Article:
It’s time now to take a look at the 2015 Detroit Tigers’ starting pitching.
JUSTIN VERLANDER. The biggest question mark on the team, JV is coming off the worst season of his career, which followed off-season “core surgery.” He’s put on muscle and bulk and says he is stronger and ready to resume his role as the Detroit ace. Will his velocity return as well? That’s highly doubtful; most pitchers on the wrong side of thirty will continue to lose some heat and must learn how to compensate. Verlander is well equipped to do just that. He’s always been a hard worker, trying to hone his craft and perfect his secondary pitches, diligently studying his mechanics and the tendencies of opposing batters. He’s got a versatile arsenal and plenty of savvy, and no one’s ever questioned his discipline and determination. Will those admirable qualities get Verlander back to being something close to the MVP he once was? The Tigers will settle for less than that. But if they don’t get significantly more out of JV than they did in 2014, Detroit is in deep trouble.
DAVID PRICE. The club is blessed with another ace who can pitch deep into games. Whether his sojourn with Detroit turns out to be brief or not, Price has made it clear he doesn’t want long-term contract negotiations to interfere in any way with this season. Price has been consistently healthy and dependable throughout his career, piling up innings and striking out hitters even when he’s not always overwhelmingly dominant. Price set significant and very impressive new personal highs last season to lead the AL in innings pitched (248), strikeouts (271), and batters faced (1,009). Those numbers make him something of a throwback to the days before pitch limits made starters sit down before their job was finished. Set to turn just twenty-eight this season, Price is in his prime. The Tigers can count on him to get them to the eighth inning and beyond, give their bullpen a break, and give them a chance to win his starts. The lefty would be the undisputed staff ace on most teams.
ANIBAL SANCHEZ. Talk about an embarrassment of riches! The No. 3 starter could also be the No. 1 for many other teams. Consistently underrated and undervalued, Sanchez was lost in the shadow of Verlander and Max Scherzer—and now Price. But Sanchez by almost any measure is a huge asset if he’s healthy, as he again purports to be. In 2013, he quietly notched a league-best 2.57 ERA, allowing only 0.4 homers per nine innings. Last year was ruined by injuries, though when he did pitch Sanchez was usually just fine. In sum, Detroit’s big three is comprised of the league strikeout and innings pitched leader of 2014, the ERA champ of 2013, the strikeout and innings pitched leader of 2011 and 2012, and the ERA champ, Cy Young, and MVP winner of 2011. On reputation and on paper—if Verlander and Sanchez are close to 100 percent—this is a trio that should make Detroit a post-season favorite, if they can get there.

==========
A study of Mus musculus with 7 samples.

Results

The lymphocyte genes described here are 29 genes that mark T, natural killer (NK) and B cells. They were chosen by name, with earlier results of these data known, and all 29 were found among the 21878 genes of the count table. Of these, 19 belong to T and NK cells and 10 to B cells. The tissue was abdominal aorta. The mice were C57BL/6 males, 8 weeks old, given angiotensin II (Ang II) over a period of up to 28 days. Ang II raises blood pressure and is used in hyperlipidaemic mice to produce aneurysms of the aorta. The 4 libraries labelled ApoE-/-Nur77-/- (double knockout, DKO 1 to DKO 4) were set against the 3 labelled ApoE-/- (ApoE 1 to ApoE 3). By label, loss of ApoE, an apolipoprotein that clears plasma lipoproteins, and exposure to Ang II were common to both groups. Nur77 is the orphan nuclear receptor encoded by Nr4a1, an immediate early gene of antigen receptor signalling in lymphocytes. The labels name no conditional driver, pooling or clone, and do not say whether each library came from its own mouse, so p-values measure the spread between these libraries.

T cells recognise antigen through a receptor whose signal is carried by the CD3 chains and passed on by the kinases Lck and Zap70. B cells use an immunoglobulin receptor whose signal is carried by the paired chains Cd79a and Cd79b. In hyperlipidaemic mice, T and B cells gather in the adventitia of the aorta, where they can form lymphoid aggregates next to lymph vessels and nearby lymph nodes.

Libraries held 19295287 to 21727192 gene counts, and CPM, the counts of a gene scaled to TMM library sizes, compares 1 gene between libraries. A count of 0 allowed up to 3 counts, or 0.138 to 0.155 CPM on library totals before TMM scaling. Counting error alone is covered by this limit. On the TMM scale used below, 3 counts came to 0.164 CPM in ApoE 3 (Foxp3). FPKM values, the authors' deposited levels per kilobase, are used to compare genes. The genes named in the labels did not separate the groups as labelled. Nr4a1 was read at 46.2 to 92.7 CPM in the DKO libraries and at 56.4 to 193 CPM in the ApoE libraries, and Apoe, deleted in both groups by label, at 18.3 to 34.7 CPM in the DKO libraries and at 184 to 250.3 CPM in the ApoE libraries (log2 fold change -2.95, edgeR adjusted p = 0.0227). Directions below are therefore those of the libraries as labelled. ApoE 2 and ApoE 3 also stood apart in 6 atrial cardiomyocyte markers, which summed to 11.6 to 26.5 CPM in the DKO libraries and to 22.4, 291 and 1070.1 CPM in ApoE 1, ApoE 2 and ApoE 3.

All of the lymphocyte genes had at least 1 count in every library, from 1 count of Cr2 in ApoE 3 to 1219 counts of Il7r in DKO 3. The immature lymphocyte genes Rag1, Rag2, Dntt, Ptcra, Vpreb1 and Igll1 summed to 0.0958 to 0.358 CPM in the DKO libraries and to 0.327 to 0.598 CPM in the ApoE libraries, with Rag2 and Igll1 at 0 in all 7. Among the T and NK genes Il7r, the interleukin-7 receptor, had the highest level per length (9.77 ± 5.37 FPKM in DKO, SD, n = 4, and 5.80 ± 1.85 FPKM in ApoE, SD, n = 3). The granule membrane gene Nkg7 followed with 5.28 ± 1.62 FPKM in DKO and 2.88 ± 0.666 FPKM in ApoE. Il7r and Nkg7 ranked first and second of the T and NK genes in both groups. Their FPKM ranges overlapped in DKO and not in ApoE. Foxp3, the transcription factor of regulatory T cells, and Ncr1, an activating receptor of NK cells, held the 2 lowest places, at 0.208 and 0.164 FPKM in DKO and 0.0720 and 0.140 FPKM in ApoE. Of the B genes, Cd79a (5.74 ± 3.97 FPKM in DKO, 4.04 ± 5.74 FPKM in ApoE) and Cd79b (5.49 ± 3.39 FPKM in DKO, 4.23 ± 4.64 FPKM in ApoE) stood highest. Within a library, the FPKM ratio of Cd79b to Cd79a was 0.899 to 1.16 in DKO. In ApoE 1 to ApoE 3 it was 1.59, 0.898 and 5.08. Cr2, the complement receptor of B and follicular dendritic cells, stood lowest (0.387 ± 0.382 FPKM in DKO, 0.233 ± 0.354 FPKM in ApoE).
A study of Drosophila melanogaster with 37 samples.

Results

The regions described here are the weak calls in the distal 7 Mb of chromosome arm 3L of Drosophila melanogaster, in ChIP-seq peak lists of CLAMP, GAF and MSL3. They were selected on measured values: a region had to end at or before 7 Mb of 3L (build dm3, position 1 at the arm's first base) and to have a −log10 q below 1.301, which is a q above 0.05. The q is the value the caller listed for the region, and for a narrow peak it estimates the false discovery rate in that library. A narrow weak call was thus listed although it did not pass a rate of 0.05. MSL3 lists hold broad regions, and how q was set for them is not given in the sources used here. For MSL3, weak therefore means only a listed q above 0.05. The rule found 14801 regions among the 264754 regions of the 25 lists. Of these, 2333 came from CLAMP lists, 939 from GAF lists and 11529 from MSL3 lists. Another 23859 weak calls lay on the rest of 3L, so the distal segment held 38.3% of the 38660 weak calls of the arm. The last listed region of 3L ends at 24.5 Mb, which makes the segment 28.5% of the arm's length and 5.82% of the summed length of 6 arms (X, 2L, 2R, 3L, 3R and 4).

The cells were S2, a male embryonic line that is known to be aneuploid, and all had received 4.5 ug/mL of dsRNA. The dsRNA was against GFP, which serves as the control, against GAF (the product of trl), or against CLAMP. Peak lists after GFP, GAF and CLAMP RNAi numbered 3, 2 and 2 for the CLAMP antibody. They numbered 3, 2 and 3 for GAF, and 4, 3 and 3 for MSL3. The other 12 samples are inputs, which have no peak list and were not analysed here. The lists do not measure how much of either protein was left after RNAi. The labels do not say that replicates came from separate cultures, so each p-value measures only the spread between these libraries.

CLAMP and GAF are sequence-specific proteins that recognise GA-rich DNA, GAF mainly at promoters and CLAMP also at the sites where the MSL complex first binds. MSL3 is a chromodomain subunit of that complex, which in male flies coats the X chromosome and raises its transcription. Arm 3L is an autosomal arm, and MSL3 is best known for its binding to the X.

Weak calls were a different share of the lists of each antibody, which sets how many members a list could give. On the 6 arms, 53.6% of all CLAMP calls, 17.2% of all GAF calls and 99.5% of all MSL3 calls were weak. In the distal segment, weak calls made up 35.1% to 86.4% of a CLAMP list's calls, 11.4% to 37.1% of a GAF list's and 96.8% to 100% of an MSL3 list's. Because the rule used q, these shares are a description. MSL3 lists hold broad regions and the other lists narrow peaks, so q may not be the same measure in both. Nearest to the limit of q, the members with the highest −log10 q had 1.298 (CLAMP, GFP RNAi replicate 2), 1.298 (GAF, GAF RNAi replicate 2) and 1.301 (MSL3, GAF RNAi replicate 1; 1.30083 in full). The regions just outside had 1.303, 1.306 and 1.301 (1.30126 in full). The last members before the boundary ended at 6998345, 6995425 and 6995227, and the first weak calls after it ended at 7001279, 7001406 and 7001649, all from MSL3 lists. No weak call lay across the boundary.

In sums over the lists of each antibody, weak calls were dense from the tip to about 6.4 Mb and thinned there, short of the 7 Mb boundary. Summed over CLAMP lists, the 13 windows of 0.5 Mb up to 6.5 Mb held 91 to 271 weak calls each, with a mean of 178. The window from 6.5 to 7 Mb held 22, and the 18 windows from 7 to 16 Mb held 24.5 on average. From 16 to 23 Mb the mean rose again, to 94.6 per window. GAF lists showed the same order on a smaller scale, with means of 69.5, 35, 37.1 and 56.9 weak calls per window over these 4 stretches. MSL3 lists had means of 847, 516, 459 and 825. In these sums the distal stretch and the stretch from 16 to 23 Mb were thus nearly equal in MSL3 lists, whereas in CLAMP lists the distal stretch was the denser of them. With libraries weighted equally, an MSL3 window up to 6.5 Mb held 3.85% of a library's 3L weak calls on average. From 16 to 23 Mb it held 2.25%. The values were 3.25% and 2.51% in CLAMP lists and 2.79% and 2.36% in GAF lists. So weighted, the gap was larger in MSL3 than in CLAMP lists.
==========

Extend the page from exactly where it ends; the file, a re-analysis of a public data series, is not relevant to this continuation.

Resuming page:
ALFREDO SIMON. Unfortunately, there’s a big fall-off after the big three, and it starts with this career reliever who performed unexpectedly well in the Reds’ rotation last year but wore down, not surprisingly, in the last months of the season. In 2014 Simon pitched an astounding eighty more innings than in any previous season in his pro career. “Big Pasta” is an unspectacular but efficient groundball pitcher who performed very well in all three of his seasons with Cincinnati, with ERAs under 3.00 (until he ran out of gas late last year and the ERA ballooned), a huge improvement over his previous years with Baltimore, when his ERA was nudging 5.00. For a No. 4 starter, the Tigers could do much worse. But Simon is turning thirty-four in May. Can he duplicate 2014? It’s hard to say. Will he hit the wall after the All-Star break? Probably. To help him get through the season, manager Brad Ausmus would be wise to limit him to five or six innings and well under 100 pitches in most of his outings.
SHANE GREENE. Only twenty-six and a rookie last year with the Yankees, Greene is a candidate to be the No. 5 starter since he performed adequately when thrust into the injury-decimated, patchwork New York rotation. Ideally, however, he should be pitching out of the bullpen. The quirky Greene boasts an array of hard-to-identify pitches, not to say trick pitches. He threw 145 innings between Triple A and the Yankees in 2014, and Detroit shouldn’t count on much more. He is a fringe fifth starter at best and will likely be hard pressed to take a rotation turn all season.
KYLE LOBSTEIN. By all rights, this young command-and-control left-hander, who made his MLB debut last season, should lay claim to the No. 5 spot. He doesn’t have heat (90 mph at his very best) or overwhelming stuff, but the Tigers will give him a long look this spring and this season. The best possible outcome would be for Lobstein to step way up and become the No. 4, leaving Simon and Greene to split starting assignments and help the rotation limp to the finish line. More likely, Lobstein will replace Greene, or Greene will replace Lobstein, in the No. 5 spot at some point during the season. And it’s very possible that Lobstein won’t be ready to carry the load and Detroit will need to find someone else, somewhere, to shore up the back end of the rotation.
Next time I’ll look at the source of great debate and weakness on this team in recent seasons — the Detroit bullpen.